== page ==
Date: 14 December, 2020
by Nishtha Girdhar, UILS, Panjab University
APPELLANT: M/S EMKAY GLOBAL FINANCIAL SERVICES LTD.
RESPONDENT: GIRDHAR SONDHI
CITATION: Civil Appeal No. 8367 of 2018
DECIDED ON: 20th August, 2018
BENCH: Justice R.F. Nariman
FACTS OF THE CASE:
In the present case, the dispute arose between M/S Emkay Global Financial Services Ltd.(appellant), a broker registered with the National Stock Exchange (NSE) and the respondent, who was a client for the appellant.
The respondent, Mr Girdhar Sondhi, filed a claim for Rs. 736,620, and thus initiated an arbitral proceeding against the appellant.
The arbitral proceedings took place under an agreement and were also subjected to NSE bye-laws.
The parties also agreed in the agreement to grant exclusive jurisdiction to courts in Maharashtra.
The dispute was referred to a sole arbitrator, who conducted proceedings in Delhi.
The arbitrator passed an award (dated December 8, 2009) rejecting the claim of the respondent.
The respondent subsequently challenged the same referring to Section 34 of the Arbitration and Conciliation Act, 1996 before the District Court, Delhi.
The application was dismissed by the District Court owing to the exclusive jurisdiction of Mumbai Courts, as specified in clause 12 of the said agreement.
On an appeal to the Delhi High Court, it was held that, since the disputed question of fact was decided without providing parties with an opportunity to lead evidence therefore it would be necessary that the disputed issue regarding territorial jurisdiction of the courts at Delhi be decided only after the issues are framed and the parties have led evidence.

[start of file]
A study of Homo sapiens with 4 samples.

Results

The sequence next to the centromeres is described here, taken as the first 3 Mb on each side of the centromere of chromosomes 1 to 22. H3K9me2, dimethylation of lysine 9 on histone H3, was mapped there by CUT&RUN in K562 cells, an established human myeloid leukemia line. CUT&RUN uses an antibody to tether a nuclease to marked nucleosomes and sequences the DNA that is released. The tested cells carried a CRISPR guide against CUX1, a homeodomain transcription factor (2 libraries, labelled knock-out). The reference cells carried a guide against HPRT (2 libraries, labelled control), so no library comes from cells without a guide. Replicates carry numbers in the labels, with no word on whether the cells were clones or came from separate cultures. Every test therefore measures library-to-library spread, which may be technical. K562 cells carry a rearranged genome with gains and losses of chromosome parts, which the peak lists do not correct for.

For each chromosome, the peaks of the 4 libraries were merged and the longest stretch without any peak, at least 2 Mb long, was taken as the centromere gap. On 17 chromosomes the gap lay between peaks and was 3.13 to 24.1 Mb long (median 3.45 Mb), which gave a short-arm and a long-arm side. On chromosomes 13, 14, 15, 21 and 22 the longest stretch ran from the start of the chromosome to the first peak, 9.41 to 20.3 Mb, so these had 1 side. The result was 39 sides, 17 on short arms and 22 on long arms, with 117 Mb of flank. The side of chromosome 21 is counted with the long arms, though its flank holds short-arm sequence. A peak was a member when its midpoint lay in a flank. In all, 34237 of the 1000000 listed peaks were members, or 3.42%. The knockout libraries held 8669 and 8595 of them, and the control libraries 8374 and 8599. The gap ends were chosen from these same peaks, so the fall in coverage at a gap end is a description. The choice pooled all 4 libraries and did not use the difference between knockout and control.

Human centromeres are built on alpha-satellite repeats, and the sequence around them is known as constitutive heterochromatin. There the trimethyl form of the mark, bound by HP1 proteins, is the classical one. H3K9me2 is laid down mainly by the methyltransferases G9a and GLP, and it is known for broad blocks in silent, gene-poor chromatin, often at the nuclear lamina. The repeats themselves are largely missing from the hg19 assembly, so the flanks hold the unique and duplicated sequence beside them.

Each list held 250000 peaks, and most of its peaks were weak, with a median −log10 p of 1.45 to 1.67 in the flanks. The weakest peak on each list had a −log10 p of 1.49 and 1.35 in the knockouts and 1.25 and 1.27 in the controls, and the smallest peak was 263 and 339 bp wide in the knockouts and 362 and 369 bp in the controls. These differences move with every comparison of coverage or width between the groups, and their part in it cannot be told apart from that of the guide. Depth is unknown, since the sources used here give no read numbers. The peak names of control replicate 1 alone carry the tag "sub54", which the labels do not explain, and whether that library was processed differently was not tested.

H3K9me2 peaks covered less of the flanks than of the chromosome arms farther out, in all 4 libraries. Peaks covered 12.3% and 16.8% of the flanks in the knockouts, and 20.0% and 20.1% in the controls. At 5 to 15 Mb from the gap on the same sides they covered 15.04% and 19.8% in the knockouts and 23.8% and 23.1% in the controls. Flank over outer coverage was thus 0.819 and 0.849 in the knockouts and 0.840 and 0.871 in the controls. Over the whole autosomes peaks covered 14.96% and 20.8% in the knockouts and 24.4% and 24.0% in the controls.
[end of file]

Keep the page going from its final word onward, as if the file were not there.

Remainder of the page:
Whether the courts of Delhi or Mumbai had the exclusive jurisdiction to deal with the matter?
Whether a party can lead evidence in proceedings instituted under Section 34 of the Arbitration and Conciliation Act, 1996?
The Court cited several of its judgements to come to a decision:
Following the judgement in Indus Mobile Pvt. Ltd. v. Datawind Innovations Pvt. Ltd. (2017) 7 SCC 678 the court held that Mumbai courts will have exclusive jurisdiction owing to the Agreement and NSE bye-laws in the present case.
Additionally, in the case of Atlas Power v. National Transmission, the major dispute was related to the seat of the arbitration. It was held that the seat of arbitration was London, by considering that numerous authorities establish that the courts of the jurisdiction, England & Wales, regard the choice of seat of an arbitration as akin to an exclusive jurisdiction clause.
As regards the second issue, the Court clarified that “an application for setting aside an arbitral award will not ordinarily require anything beyond the record that was before the Arbitrator. However, if there are matters not contained in such record, and are relevant to the determination of issues arising under Section 34(2)(a), they may be brought to the notice of the Court by way of affidavits filed by both parties. Cross-examination of persons swearing to the affidavits should not be allowed unless absolutely necessary, as the truth will emerge on a reading of the affidavits filed by both parties.”
Also, the Court took into consideration the recommendations of Justice B.N. Srikrishna Committee wherein it was specifically stated that an amendment has to be made to Section 34(2)(a) of the Arbitration and Conciliation Act, 1996, substituting the words “furnishes proof that” with the words “establishes on the basis of the arbitral tribunal’s record that”.
The present judgement holds an important place in the present scenario since it attempts to strengthen the arbitration regime in the country. This ruling would certainly help speedy disposal of arbitration cases and limit the interference of courts in such matters.